Recognizing the Difference between a Lease and a License in Connecticut

Hinckley Allen Retail Newsletter

February 27, 2014

Although the terms are often used interchangeably, a lease and a license are distinctly different under Connecticut law. In its simplest form, a lease is a contract that conveys an exclusive possessory leasehold interest in property; whereas, a license is a mere privilege to act on another’s property and does not confer or produce a possessory interest in the property. A license is generally revocable at any time by the licensor, hence the term “revocable license” is sometimes used. The ultimate distinguishing characteristic of a lease is that the landlord or lessor surrenders exclusive possession of the premises to the tenant or lessee for a specific term or period.

By its definition, a license does not “run with the land” and therefore will not bind a subsequent purchaser. It is intended to be exercised only in the specific manner for which consent was given. To that end, a license cannot be assigned because as a matter of law, the privilege does not extend beyond the initial licensee. As a result, a property owner who acquires a property – through an assignment of lease in connection with a sale – is not bound to recognize or assume a license agreement that may have existed prior to its ownership.

Nonetheless, there is the following caveat: A license agreement that smells, feels, or tastes like a lease will be construed as a lease. Conversely, a document titled “lease agreement” but containing all the characteristics and attributes of a license agreement will be construed as a license under Connecticut law. Courts have consistently held that just because the agreement is captioned as a “lease” or a “license” will not necessarily make it so. Thus, Connecticut courts will focus on the character of the agreement itself and the intent of the parties, rather than the phraseology or nomenclature contained in the document, to determine whether a possessory interest (to the exclusion of the owner) was intended to be conveyed when the parties entered into the agreement in the first instance.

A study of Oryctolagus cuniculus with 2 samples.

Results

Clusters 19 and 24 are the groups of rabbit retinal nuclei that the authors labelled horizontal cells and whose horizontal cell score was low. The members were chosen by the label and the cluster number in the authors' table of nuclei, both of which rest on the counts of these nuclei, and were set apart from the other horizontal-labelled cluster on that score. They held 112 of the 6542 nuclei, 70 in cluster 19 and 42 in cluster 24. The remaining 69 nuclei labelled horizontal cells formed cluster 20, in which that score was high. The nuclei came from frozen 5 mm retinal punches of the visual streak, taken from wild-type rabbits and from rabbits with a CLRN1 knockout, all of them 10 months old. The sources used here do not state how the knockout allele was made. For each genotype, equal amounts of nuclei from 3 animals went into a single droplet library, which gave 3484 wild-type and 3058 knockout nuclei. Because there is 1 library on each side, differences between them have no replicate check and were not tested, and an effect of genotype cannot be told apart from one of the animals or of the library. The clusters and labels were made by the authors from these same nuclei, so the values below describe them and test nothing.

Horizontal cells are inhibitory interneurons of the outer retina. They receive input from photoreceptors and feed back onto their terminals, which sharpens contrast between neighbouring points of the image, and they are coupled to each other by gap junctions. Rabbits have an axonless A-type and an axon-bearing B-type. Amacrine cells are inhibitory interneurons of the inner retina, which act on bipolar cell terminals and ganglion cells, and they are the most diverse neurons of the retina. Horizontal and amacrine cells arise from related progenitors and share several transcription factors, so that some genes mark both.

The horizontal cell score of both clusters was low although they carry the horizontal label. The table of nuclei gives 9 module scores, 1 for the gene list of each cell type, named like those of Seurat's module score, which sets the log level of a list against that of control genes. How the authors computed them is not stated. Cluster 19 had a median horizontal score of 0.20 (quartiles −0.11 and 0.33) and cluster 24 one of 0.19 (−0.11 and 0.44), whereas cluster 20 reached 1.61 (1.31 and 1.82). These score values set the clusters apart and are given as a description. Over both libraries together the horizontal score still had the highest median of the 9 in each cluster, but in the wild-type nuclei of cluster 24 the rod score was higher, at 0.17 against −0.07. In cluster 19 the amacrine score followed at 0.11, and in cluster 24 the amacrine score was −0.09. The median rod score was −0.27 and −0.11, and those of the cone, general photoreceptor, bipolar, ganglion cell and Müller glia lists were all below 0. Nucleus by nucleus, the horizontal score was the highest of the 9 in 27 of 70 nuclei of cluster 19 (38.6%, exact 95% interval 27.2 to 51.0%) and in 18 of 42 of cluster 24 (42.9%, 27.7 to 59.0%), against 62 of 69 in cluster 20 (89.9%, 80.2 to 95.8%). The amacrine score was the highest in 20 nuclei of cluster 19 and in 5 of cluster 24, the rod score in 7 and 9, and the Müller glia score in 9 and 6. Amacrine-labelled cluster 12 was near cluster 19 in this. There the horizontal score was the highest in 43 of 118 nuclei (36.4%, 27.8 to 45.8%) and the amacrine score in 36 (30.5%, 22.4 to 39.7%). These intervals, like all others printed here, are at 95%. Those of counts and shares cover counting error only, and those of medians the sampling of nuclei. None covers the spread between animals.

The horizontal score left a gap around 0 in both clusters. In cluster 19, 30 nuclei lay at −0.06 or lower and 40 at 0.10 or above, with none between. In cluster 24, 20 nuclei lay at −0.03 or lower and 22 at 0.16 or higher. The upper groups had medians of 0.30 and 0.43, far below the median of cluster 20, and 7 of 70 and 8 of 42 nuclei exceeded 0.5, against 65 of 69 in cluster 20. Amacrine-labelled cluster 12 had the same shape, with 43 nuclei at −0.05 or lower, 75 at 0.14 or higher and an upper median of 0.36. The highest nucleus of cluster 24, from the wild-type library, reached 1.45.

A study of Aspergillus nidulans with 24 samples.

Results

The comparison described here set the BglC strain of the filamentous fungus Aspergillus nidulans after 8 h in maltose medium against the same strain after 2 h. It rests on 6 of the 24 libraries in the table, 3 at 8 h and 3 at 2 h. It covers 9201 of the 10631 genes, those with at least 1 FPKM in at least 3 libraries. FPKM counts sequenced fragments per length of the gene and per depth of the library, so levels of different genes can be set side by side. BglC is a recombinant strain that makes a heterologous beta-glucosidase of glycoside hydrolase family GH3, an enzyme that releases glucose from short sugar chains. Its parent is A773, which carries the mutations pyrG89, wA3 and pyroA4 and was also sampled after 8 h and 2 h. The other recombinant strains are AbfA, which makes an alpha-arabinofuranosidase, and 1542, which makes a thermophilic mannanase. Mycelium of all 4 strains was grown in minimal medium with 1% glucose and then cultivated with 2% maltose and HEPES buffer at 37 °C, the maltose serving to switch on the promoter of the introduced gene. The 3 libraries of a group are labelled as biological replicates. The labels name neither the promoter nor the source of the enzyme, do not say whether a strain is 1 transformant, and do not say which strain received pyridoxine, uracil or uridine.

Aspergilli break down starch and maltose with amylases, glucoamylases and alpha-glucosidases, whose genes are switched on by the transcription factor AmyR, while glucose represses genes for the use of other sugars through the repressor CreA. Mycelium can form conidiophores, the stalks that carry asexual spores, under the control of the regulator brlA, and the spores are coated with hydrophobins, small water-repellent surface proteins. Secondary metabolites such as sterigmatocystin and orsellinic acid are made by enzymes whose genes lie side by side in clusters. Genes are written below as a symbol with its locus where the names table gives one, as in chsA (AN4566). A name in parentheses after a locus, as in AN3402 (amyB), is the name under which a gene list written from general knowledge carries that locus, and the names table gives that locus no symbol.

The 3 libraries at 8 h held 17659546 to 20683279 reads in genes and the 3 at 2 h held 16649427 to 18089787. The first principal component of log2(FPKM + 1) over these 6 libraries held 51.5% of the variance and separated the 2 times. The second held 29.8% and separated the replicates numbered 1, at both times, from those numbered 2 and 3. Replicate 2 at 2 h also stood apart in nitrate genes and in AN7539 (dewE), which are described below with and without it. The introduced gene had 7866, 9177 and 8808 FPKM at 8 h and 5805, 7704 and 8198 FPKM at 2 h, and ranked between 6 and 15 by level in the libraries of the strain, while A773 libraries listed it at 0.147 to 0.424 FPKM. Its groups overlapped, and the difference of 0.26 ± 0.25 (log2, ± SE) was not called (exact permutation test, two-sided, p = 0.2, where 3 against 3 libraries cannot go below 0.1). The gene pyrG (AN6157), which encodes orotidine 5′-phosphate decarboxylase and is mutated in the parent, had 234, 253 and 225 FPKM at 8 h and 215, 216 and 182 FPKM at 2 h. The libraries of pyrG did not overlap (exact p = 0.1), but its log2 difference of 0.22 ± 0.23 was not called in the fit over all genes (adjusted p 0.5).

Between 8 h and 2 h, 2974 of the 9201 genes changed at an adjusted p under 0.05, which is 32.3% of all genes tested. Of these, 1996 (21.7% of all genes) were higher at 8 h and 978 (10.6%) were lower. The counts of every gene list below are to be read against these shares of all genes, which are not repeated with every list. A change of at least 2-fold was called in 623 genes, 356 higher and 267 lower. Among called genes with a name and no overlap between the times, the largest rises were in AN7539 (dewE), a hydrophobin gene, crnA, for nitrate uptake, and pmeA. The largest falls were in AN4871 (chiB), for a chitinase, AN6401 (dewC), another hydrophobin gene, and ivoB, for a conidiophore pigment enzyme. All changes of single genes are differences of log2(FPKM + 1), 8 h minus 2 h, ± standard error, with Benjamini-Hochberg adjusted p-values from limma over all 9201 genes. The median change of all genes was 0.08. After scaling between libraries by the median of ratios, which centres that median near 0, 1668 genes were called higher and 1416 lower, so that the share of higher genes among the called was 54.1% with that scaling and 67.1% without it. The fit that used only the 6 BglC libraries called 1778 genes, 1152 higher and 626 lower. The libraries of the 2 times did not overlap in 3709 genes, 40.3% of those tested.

The following are some past Connecticut court decisions that should offer some guidance on this issue: a parking privilege was construed as a license and not a lease; an agreement to erect and service signage on the roof of a building was determined to be a license and not a lease; a space in the rear for a store was considered a lease rather than a license; a kiosk in a mall was construed as a license and not a lease – within the context of an eviction proceeding; a contract to install, operate, and maintain communication antennae on towers was determined to be a license; and an agreement to install video game vending machines contained attributes of both a lease and a license when that issue was presented to the court for summary judgment purposes.

As the examples above demonstrate, there is not always a bright-line test. Ultimately, the character of the agreement and the intent of the parties in totality will carry the day.

Consequently, in situations where the owner is contemplating whether to terminate a revocable license and remove a licensee from the premises without judicial process, caution must be exercised before opting for that approach, lest an owner be confronted with an unlawful detainer or a lockout complaint. Before proceeding, one should assess the following: regardless of what the agreement is titled, does it contain the necessary characteristics to enable a Connecticut court to construe the parties’ intended relationship as merely licensor/licensee rather than landlord/tenant?